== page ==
Teen accused of kicking police officer in the face back in custody for bail breach

Melbourne – Australia


A teenager who allegedly kicked a police officer in face is back in police custody for breaching his bail conditions just days after he was controversially released.

The 17-year-old, who cannot be identified, is charged with assaulting police – an offence that carries a mandatory jail term of six months – after he allegedly kicked the officer at Highpoint shopping centre on Boxing Day.

As part of his bail conditions, the teenager was told he must live with his family, cannot leave Victoria, cannot associate with another African male known to police, must not have a mobile phone and must stay off social media.

It is believed he was caught with a mobile phone within hours of being freed.

Victoria Police confirmed detectives from the Maribyrnong Crime Investigation Unit remanded the teenager for breaching his bail conditions on Thursday night.

During his bail application in a children’s court this week, an investigating detective said the teenager had previously spoken online about planning retribution against police as payback for his arrest in 2016 on other offences.

“He harboured a hatred towards police and he stated he had been biding his time,” the detective told the court on Tuesday.

“He had been very angry towards police and wanted to get back at them, consistent with what he stated on Facebook.”

But despite those concerns, a magistrate bailed the teenager – who is due to start Year 12 this year – based on the finding that the grudge he held towards police dated back 18 months, and that he had not been in trouble since the 2016 arrest.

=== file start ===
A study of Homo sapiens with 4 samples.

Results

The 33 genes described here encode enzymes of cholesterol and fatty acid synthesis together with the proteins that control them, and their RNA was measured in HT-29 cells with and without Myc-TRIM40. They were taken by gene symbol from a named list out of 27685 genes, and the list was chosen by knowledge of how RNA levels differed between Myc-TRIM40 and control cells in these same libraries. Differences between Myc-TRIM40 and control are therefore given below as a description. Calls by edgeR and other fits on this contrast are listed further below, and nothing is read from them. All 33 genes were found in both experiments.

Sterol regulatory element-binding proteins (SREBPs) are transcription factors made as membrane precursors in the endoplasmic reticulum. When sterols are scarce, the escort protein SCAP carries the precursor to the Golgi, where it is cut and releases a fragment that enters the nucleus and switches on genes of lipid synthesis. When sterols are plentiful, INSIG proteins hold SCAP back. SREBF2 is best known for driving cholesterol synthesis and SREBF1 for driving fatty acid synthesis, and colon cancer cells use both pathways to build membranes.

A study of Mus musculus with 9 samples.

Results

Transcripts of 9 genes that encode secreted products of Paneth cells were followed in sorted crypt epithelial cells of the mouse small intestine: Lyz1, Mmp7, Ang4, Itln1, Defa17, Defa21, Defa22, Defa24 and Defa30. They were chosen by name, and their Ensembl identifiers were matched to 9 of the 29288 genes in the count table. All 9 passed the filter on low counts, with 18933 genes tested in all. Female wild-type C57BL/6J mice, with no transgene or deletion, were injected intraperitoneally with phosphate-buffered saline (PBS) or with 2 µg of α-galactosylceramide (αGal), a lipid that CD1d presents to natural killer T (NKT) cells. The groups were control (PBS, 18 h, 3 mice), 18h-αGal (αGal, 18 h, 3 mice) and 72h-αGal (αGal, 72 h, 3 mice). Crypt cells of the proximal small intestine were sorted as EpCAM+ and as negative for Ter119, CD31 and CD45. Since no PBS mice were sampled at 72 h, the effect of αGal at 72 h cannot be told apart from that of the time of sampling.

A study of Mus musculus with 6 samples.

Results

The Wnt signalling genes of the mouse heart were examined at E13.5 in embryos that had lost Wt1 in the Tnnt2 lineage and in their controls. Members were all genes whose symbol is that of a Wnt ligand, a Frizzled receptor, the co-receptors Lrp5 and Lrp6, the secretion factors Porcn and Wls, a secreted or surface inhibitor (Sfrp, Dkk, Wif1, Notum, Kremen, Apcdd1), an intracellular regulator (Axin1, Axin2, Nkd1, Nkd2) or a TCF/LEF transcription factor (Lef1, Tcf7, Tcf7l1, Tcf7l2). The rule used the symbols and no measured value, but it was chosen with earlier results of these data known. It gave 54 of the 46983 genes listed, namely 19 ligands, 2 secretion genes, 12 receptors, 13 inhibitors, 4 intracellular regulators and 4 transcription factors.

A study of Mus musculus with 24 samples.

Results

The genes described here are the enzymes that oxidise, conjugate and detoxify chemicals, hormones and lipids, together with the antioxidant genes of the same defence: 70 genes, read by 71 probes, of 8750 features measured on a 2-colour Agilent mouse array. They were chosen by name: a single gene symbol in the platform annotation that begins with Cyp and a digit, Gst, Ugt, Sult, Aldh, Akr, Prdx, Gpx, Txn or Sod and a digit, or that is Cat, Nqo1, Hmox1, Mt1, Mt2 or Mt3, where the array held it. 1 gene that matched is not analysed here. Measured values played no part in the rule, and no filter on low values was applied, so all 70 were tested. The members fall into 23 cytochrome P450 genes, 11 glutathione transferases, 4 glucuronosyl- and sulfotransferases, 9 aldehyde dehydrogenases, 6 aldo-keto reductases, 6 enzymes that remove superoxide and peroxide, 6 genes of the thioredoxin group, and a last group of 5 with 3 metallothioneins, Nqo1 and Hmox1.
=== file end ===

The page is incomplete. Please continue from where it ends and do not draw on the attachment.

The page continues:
“There is always going to be a risk in relation to you, but it has not been established that it is an unacceptable level of risk in relation to reoffending and to the safety and welfare to members of the public,” the magistrate told the boy.

The teen’s lawyer told the court the boy was prepared to stay away from the Maribyrnong shopping centre and abide by a curfew, but the magistrate ruled those conditions weren’t warranted.

 The police officer who was assaulted at Highpoint on December 26, 2017. Supplied by the Police Association. The magistrate’s decision had been slammed by both sides of Victorian politics amid high scrutiny of a series of crimes across Melbourne committed by young African men.

The children’s court on Thursday made available an audio recording of the teenager’s bail application, and the magistrate’s ruling. The names of children, court officers and lawyers cannot be published when cases are before the children’s court.

The detective and police prosecutor told the magistrate the teenager kicked the officer while the policeman was on his knees arresting another teenager for alleged shoplifting. They said the assault was pre-meditated and against a vulnerable target.

The officer suffered bruising and swelling to his left eye.

The injured police officer.

 The injured police officer.

The teenager’s actions, combined with what he wrote about police previously, raised concerns he would plan further acts of retribution if he was released from custody, police told the court. He spent four nights in custody after his arrest on December 29.

The magistrate said the charges against the boy were serious, and that police had a strong case, based on CCTV footage. She was concerned about what the teen wrote online in 2016, and those posts gave police a “justifiable fear” about what he might do.

But the posts were written 18 months ago, the magistrate said, and the boy had not been in trouble with the law since.

He has previously been charged with serious offences and has been on a probation since the middle of last year. The court heard he had engaged with a youth justice worker last year, but had failed to meet his past seven appointments.

There was no evidence he had previously failed to meet bail, the court heard, and the magistrate took into account evidence from the boy’s mother, who said her son was obedient, attended school regularly, played sport in the community, and had strong family support.

“You are very well supported by your family – don’t disappoint them or your community,” she told the teenager as she granted bail.